By Amy Newman (Send Email)
Posted Sep 23, 2009


Although virtualization was far from front and center at this week's Intel Developers Forum, Dell and several other vendors used the conference as the platform to unveiled its latest virtual goods.

Virtually Speaking: Intel began pimping its Single Root I/O Virtualization (SR-IOV) solution at this week's IDF. Dell, Citrix Red Hat, Neterion and others have already hopped on board.

On Tuesday, Dell showcased what it described as the first Single Root I/O Virtualization (SR-IOV) solution based around industry standards. I/O, as anyone who follows virtualization knows, is the bug-bear of the virtualization world. To mitigate the bottleneck across both servers and storage, Dell has partnered with Intel and Citrix to help improve virtualization performance.

Dell, Intel and Citrix worked together to develop a standards-based SR-IOV solution that would improve virtualization performance and enable multiple operating systems to share a physical interconnect. To accomplish this, they switched from the currently standard model in which the hypervisor virtualizes an I/O device in the software and shares the emulated virtual NIC with multiple virtual machines, to one in which a single piece of I/O hardware is subdivided logically to appear as 128 virtual NICs. Each NIC is then assigned independently and directly to a virtual machine. This provides per-VM control, and yields a faster connection.

The technology is built around PCI-SIG I/O Virtualization specifications along with Intel Virtualization Technology for Directed I/O (Intel VT-d) and the chipmaker's 82599 10 Gigabit Ethernet (10GE) device.

It will be made available initially on Dell's PowerEdge R710, which is equipped with a SR-IOV enabled BIOS. These systems are powered by Intel's Xeon 5500on and come with Citrix XenServer preinstalled.

Intel and the larger implications aside, it's an interesting move for both Citrix and Dell. In recent weeks, the attention paid to Hyper-V has been eclipsing XenServer, and Microsoft has been pegged as the company that will ultimately prevail in bringing server virtualization to SMBs. But Dell also looms large in the SMB world, and this combination offers an ease of use proposition that will likely appeal to many SMBs.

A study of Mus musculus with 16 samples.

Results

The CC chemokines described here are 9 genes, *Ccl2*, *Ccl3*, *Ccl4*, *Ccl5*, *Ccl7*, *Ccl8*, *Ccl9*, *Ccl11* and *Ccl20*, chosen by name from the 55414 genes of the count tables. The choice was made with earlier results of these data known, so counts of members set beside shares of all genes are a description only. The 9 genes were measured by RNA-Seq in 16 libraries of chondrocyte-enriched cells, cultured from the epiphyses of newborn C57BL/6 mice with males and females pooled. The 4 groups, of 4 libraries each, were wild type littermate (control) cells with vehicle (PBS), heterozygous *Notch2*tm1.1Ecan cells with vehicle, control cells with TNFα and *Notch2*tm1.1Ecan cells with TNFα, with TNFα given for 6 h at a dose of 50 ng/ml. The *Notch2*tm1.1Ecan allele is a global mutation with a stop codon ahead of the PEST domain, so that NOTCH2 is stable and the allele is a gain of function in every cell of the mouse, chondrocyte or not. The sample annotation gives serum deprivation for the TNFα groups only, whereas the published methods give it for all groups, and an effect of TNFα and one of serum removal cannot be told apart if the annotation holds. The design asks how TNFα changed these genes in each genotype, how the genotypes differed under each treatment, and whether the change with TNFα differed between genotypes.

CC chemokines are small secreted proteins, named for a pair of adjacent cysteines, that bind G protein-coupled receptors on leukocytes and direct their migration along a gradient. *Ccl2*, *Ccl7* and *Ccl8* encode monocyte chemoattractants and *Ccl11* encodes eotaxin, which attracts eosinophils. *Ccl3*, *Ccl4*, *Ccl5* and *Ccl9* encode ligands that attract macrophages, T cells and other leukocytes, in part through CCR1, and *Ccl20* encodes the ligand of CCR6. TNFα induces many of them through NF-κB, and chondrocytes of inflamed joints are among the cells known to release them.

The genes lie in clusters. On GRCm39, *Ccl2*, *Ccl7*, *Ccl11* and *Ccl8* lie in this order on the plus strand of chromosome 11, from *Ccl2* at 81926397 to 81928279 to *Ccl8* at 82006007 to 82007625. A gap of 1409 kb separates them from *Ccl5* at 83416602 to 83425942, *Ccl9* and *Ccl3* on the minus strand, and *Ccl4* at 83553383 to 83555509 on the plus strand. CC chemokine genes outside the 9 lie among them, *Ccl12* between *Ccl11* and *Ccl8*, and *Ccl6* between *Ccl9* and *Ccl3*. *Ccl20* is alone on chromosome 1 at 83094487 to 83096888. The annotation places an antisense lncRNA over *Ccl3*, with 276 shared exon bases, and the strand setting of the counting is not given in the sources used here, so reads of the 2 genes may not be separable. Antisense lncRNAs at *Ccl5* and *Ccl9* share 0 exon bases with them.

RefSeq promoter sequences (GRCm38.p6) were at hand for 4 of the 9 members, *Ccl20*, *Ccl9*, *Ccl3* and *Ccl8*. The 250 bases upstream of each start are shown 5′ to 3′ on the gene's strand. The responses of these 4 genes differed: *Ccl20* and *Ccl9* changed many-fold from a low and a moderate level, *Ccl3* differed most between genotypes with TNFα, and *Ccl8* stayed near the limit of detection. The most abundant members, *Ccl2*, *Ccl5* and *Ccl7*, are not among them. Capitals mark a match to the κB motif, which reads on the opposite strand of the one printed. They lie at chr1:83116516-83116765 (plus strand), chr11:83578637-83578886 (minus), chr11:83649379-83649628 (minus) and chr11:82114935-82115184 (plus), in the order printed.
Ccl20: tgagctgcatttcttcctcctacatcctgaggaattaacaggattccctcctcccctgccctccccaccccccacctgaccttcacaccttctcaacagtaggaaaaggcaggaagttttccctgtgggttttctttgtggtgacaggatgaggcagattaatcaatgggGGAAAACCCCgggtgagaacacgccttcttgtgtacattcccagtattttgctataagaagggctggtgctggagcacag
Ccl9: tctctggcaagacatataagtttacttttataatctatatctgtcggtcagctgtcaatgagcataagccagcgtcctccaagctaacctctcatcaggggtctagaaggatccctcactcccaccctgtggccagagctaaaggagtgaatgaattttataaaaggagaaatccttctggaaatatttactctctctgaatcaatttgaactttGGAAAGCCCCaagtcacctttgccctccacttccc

Dell has gotten to where it is by following industry trends and adding products and technologies when standards have formed around them. The SR-IOV technology it has chosen to deploy is no exception to this: It does not require a proprietary switching infrastructure and works with 10GE switches from multiple vendors.

It is also turnkey, which means that should it be universally accepted, and evolve into "the standard" the I/O virtualization quagmire has the potential to disappear.

Dell, it should be noted, is far from the only vendor embracing SR-IOV. Neterion, for example, a storage vendor that specializes in I/O virtualization and sells 10 Gigabit Ethernet adapters, has also partnered with Intel.

Neterion's offering, like Dell's, aims to bring the platform, software, and hardware together for an end-to-end I/O virtualization solution stack. Its virtualization software of choice is Red Hat Enterprise Linux 5.4, and its hardware is its X3100 10GbE adapter.

Red Hat's relationship with Neterion is by no means an exclusive one. Along with Intel, it has also partnered with LSI Corp. to offer an SR-IOV-capable storage controller. The controller uses Intel VT-d and PCI-SIG SR-IOV technology to allow virtual servers in direct-attached-storage environments to share a storage controller.

In a storage environment, SR-IOV works in a manner to similar to how it does in a server one: It enables a single physical instance of the storage controller to appear as a number of virtual controllers. This enables multiple operating systems running simultaneously within a single computer to share PCI Express devices natively.

The side benefit of moving the onus of I/O to the hardware itself, is that the software is less taxed, and its one less trouble spot for the admin to have to monitor closely.

The pipe may not be getting wider but more conduits are certainly being added.

Amy Newman is the managing editor of ServerWatch. She has been covering virtualization space since 2001, and is the coauthor of Practical virtualization Solutions, which is scheduled for publication in October 2009.